The people of Mochudi were of late exposed to the first community campaign addressing issues of sexual abuse in the Kgatleng District.
It is reported that the district as a whole has documented a high incidence of rape, incest and defilement cases amongst residents.
Statistics of rape cases in Mochudi have in the past proved alarmingly high, it’s said that between 2008 and 2009, the Mochudi police recorded 77 rape cases amongst adolescents between the ages of 12-18. From January to April of 2010, an additional 11 cases for the same age group were reported.
The campaign was an initiative of Stepping Stones International (SSI) in collaboration with the World University Services of Canada (WUSC), Mochudi Community Stakeholders such as the local police, S&CD, BOFWA, Botswana National Youth Council (BNYC) and DRM Hospital.
Established in 2006, SSI is a registered non-profit, non-governmental organization that aims to create an enabling environment for orphans and vulnerable children aged 12-18+ to grow and build their futures. SSI has developed an innovative educational and psychosocial support programme to reach the underserved and at risk population in Mochudi.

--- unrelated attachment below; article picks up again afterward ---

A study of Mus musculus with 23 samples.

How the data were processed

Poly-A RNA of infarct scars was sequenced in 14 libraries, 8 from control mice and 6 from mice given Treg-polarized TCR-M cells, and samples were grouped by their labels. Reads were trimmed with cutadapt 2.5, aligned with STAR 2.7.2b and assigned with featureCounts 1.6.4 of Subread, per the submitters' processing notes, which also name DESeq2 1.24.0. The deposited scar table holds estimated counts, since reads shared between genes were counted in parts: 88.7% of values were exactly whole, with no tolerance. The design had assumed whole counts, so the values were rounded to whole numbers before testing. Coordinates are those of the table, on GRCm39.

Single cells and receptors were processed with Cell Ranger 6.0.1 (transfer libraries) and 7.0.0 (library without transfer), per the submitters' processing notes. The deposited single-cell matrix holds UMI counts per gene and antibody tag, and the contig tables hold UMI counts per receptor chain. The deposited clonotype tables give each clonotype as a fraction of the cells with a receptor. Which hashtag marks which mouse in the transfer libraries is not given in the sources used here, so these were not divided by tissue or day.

Amongst its objectives is the mission to empower youth to become leaders of the next generation by nurturing their mental, physical and spiritual well beings.SSI programmes include peer education, tutored study, confidence and self-esteem building, goal setting, psychosocial support, life and job skills training, expression through art, drama, poetry, music, sports and play, income generating activities, advocacy and community mobilization.
According to Lila Pavey, Director of Programs for Stepping Stones International, the cases of rape in the Kgatleng district is alarming and the purpose of the campaign was to sensitize the community about issues of sexual abuse and gender based violence. Pavey revealed that they had targeted to have with them 10 embassies, 10 companies, Kgosi Sekai and about 39 000 residents to join the march against sexual abuse.
‘In these days of HIV/AIDS we spend so much time talking about the sexual behavior and never about the abuse. We also expect youth to delay sex and abstain with their partners, yet these children have already been well used and exposed to sex by uncles, fathers, step-fathers and brothers,” said Pavey.